Tribune News Service
New Delhi, July 24
US Secretary of State Antony Blinken will arrive here on Tuesday with a heavy security-side agenda along with discussions on human rights, said two senior State Department officials while briefing the media on Blinken’s twin-country visit.
Human rights is a regular talking point in meetings of Indian diplomats with their European and American counterparts but this administration will be attempting to draw a distinction between its responses and those by the Trump administration.
“We will raise it, and we will continue that conversation, because we firmly believe that we have more values in common on those fronts than we don’t,” said Acting Assistant Secretary for South and Central Asian Affairs Dean Thompson when asked why he hadn’t mentioned human rights in his opening statement.
Asked if he could “quell any jitters” because of the Modi government's close ties with the previous US administration and whether India will remain a top priority under the Biden administration,” Thompson said the relationship with India had endured through administrations of “all colours and stripes in the United States, and will continue to do so”.
The Pegasus controversy, but in a broader sense, could also be one of Blinken’s talking points. Thompson reacted sharply to the “whole notion of using this type of technology against civil society, or regime critics, or journalists, or anybody like that through extrajudicial means” and said as a broader issue, the US has been vocal about trying to find ways for companies to ensure that their technology is not used in “these types of ways”.
“And we will certainly continue to press those issues,” he added.
But the thrust of Blinken’s talks with PM Narendra Modi, where NSA Ajit Doval may be present, and with his counterpart S Jaishankar will be on expanding security, defence, cyber, and counterterrorism cooperation.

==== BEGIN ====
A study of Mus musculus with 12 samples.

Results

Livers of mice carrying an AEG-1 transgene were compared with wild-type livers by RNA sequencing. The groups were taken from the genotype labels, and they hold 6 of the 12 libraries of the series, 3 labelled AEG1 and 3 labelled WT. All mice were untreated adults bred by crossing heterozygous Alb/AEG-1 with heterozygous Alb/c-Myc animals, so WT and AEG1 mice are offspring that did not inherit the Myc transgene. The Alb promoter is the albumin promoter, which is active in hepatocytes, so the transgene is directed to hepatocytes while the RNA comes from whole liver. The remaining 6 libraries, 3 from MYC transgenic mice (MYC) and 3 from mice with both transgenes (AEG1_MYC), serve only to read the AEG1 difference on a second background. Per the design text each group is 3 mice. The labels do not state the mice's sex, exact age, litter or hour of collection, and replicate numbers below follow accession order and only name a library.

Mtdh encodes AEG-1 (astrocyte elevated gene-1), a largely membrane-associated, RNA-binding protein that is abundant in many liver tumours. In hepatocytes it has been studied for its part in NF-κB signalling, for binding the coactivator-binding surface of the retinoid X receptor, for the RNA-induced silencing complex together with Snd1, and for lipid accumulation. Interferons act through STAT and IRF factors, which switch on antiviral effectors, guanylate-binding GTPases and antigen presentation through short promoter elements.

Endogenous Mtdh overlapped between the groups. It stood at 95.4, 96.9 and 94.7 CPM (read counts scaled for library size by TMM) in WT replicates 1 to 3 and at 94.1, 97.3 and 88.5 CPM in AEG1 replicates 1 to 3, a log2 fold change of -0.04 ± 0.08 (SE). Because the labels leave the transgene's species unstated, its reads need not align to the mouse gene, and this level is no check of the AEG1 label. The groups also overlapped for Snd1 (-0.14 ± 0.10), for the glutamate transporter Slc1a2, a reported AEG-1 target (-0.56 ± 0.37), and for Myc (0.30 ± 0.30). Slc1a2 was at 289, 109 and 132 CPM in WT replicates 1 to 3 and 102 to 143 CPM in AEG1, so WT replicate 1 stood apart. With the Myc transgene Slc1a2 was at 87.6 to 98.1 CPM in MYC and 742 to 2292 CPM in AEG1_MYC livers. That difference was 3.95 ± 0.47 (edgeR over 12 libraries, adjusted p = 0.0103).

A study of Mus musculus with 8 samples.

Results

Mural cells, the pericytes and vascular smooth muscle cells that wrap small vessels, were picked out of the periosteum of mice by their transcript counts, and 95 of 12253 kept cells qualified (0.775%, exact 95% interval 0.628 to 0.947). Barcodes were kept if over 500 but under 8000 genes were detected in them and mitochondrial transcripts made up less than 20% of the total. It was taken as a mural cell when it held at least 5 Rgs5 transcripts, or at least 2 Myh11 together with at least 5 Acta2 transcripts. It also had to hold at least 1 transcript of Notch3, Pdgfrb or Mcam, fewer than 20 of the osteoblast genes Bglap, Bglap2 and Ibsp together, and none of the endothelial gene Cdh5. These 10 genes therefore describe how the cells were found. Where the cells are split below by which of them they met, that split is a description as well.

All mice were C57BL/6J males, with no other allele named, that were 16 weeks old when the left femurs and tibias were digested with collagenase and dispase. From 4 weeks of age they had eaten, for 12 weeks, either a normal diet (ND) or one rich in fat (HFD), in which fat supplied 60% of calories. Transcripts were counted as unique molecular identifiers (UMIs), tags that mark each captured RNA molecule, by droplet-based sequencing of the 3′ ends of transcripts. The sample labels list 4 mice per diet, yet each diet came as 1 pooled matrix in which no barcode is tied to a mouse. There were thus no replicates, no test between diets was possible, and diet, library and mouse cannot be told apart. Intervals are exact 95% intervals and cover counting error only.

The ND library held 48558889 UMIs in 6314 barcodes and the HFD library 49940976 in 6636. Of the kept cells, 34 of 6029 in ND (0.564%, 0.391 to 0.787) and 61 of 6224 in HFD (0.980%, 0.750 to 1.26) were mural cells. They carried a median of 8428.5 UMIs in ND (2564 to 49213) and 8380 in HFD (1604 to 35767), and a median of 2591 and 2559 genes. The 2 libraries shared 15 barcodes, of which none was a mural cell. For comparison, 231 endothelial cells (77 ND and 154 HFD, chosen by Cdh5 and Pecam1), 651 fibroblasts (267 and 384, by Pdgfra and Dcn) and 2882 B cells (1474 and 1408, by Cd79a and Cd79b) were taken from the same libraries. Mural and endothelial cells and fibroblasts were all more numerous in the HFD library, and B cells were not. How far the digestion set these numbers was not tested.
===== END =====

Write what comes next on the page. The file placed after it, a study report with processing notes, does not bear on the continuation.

The Biden administration’s move towards tighter geo-security proximity with India began with the visit by Defence Secretary Llloyd Austin. After the Blinken visit, the next major engagement will be the US-India 2+2 Ministerial Dialogue involving Foreign and Defence Ministers of both countries. The US is likely to host Modi at the White House later this year.
On Afghanistan, the US position, as stated by the officials, would be of interest to India. New Delhi has frequent high-level conversations with Kabul signalling its stakes in the current government. “We certainly intend to continue our relationship with the Afghan government,” said Thompson, adding that the US wanted “just and durable peace through a negotiated political settlement”.
Blinken will hold talks in New Delhi “to realise that goal” and “to find ways to bring the parties together to end the longstanding war”. The US has already conducted bombing runs to destroy the equipment captured by the Taliban.
Speaking on Quad, whose summit was one of the first multilateral events Biden hosted (virtually) this year, the officials said its goal of producing 100 crore vaccines had faced some delay as India battled the second wave. But the working groups have been meeting and the plan still remains for the billion doses to roll out in 2022.